You might say that Hito Steyerl is something of an art-world enigma. Born in Munich and based in Berlin, where she teaches at the Universität der Künste Berlin (Berlin University of the Arts), Steyerl studied film, first in Japan and then in her native Germany, including a stint working for director Wim Wenders in the late 1980s. Since the mid-2000s, though, Steyerl has become increasingly known not only as a serious filmmaker and artist whose installations have been critical centrepieces at major international art venues and events from Documenta 12 to the current Venice Biennale, but also a prolific writer, lecturer and politically engaged thinker (Steyerl also holds a PhD in philosophy). With often overlapping touchstones that range from institutional power relations and post-structuralist philosophy to the art-collector tax havens of freeport art-storage facilities in Switzerland and the propaganda wars of conflicts in Iraq and Syria, Steyerl’s investigative sensibility is fascinatingly complex yet always cogent. In all, her focus remains fixed on the inherent disparities between truth and fiction, the dazzling manipulation of images and information and the essential materiality of digital media.
In advance of Steyerl’s upcoming lecture on September 8 in Toronto as part of the Canadian Art Foundation’s International Artists Series, we’ve gathered a brief online primer to Steyerl’s multifaceted practice. It’s just the tip of the iceberg, but a start to understanding why Steyerl is among the most important figures in contemporary art and beyond.
Steyerl is a widely published author, in particular for the online magazine e-flux journal, which released a collection of her essays (with an introduction by Franco “Bifo” Berardi), titled The Wretched of the Screen, in 2012. As an adjunct to her recent survey exhibition, Artists Space in New York aggregated this downloadable selection of work-related texts. Everything you need is there.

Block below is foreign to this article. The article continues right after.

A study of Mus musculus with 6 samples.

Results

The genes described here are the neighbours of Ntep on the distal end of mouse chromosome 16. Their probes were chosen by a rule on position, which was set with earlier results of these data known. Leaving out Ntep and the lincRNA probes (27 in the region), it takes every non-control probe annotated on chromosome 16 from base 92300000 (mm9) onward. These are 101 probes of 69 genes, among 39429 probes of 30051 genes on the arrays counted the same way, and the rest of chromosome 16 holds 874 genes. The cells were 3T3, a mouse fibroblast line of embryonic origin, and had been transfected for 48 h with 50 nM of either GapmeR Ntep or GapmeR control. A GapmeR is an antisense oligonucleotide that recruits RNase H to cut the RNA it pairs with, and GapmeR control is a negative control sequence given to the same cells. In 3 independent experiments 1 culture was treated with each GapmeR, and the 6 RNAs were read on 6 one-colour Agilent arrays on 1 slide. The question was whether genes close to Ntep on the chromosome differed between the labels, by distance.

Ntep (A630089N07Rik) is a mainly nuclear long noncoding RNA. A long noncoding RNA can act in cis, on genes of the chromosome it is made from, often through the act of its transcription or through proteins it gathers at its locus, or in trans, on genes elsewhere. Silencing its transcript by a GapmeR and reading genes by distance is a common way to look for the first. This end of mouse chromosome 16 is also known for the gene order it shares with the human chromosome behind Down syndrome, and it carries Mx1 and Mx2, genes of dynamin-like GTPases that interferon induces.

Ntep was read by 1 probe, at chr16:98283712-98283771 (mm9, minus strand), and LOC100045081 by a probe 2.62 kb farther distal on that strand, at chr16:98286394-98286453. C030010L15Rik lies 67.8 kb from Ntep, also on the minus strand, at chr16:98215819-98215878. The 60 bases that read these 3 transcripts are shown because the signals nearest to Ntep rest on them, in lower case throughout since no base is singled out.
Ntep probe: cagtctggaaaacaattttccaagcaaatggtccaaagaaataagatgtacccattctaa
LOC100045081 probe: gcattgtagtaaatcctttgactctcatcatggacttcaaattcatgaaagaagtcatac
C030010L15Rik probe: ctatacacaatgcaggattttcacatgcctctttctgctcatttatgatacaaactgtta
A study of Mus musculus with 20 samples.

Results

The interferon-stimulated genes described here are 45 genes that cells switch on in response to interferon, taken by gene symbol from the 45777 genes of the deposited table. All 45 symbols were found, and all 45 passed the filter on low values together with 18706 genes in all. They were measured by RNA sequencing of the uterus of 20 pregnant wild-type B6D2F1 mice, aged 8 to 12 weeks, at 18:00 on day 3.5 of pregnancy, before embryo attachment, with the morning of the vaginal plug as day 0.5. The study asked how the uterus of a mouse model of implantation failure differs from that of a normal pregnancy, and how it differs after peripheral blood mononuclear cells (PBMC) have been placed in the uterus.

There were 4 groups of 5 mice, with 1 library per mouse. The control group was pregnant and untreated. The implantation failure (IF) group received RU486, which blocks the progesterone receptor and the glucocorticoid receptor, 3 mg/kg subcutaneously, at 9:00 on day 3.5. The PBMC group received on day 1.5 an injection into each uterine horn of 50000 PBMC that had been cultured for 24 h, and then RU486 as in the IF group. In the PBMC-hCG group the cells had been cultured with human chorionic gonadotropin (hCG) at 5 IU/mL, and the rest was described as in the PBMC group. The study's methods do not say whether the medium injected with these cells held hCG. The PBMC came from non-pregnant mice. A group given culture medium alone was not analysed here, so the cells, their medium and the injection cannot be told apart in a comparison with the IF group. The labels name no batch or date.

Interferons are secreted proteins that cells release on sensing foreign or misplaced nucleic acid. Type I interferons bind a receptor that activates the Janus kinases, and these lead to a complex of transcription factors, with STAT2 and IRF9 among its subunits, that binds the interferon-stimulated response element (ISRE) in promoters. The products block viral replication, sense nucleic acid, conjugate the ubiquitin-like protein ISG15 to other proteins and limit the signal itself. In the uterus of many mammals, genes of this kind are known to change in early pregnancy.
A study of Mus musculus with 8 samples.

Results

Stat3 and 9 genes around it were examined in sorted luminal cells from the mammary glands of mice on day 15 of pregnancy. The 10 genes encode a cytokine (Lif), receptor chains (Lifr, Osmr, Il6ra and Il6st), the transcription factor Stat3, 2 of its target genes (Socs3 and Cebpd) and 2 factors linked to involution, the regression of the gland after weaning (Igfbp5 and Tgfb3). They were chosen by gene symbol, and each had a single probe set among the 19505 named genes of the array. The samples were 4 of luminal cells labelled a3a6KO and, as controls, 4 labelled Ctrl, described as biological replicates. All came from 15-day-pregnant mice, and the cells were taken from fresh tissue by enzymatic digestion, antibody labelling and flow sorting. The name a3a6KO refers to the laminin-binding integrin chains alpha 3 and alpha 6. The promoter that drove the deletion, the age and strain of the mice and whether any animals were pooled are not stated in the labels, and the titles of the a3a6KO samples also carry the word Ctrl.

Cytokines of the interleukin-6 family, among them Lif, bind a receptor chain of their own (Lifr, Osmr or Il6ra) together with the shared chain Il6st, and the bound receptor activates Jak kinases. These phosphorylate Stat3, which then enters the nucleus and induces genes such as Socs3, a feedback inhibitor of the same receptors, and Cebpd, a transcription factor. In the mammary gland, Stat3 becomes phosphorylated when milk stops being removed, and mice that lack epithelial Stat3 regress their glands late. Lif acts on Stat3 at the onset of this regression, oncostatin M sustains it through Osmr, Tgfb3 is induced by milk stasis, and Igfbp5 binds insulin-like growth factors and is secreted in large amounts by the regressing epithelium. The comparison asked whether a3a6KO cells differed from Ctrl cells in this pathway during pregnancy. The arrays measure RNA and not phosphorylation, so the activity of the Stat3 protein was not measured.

A Google video search for Steyerl’s lectures at exhibitions, conferences and symposia across the globe yields seemingly endless results. But for a quick sampling, you might start with this 2005 presentation at BAK, basis voor actuele kunst in Utrecht, the Netherlands, titled “On Documenting (truth and politics),” where Steyerl makes a fascinating deconstruction of the documents of war, particularly the official propaganda behind the weapons of mass destruction argument that led to the US invasion of Iraq in 2003, and a set of rare photos taken by prisoners at Auschwitz. It’s a subject she returns to in this 2013 lecture at the New School in New York on the tenuous “reality of images.”
In Free Fall, 2010
In this interview from her 2010 exhibition at Picture This in London, UK, Steyerl unfolds the contextual layers behind her semi-documentary video installation In Free Fall, which tracks the winding path of global economic networks starting from an airplane graveyard in the Mojave Desert.
Is the Museum a Battlefield, 2013
In her lecture for the 2012 Creative Time Summit in New York, Steyerl posed the question, “Is the museum a battlefield?” The answer, she says, is yes. The Hermitage and the Louvre (which was stormed five times) are two prime historical examples of museums being pivotal to revolution. But, how do we relate contemporary battlefields to contemporary art? In the full lecture, which has also doubled as a video installation, Steyerl unpacks the case study she used to try to resolve these questions—namely the structures of power behind the death of a friend on a battlefield in the Kurdish region of Southeastern Turkey.
How Not to Be Seen: A Fucking Didactic Educational .MOV File, 2013
This extract from Steyerl’s How Not to Be Seen: A Fucking Didactic Educational .MOV File offers a hint at the work’s plunging dive into the history, politics and future of invisibility and disappearance and the notion of hiding in plain sight, both on- and off-screen. The video was shot on the location of an abandoned US Air Force camera-testing range, a site indelibly linked to today’s drone warfare. Just for fun, here’s a not completely irrelevant link to the original Monty Python take on the matter.
Liquidity Inc., 2014
Steyerl’s video installation Liquidity Inc., which tells the story of a former financial advisor turned mixed martial arts fighter in the wake of the 2008 global economic crisis, was a key highlight of last year’s Biennale de Montréal. Fast forward to the 1-minute-54-second mark in this compilation video where Steyerl expands on the fundamental “condition of unpredictability” that drives contemporary reality.
Factory of the Sun, 2015
Steyerl’s latest work, Factory of the Sun, is currently on view in the group show “Fabrik” at the German Pavilion for the Venice Biennale. If you haven’t seen it in person, this video tour of the pavilion ends with spectacular images of the installation.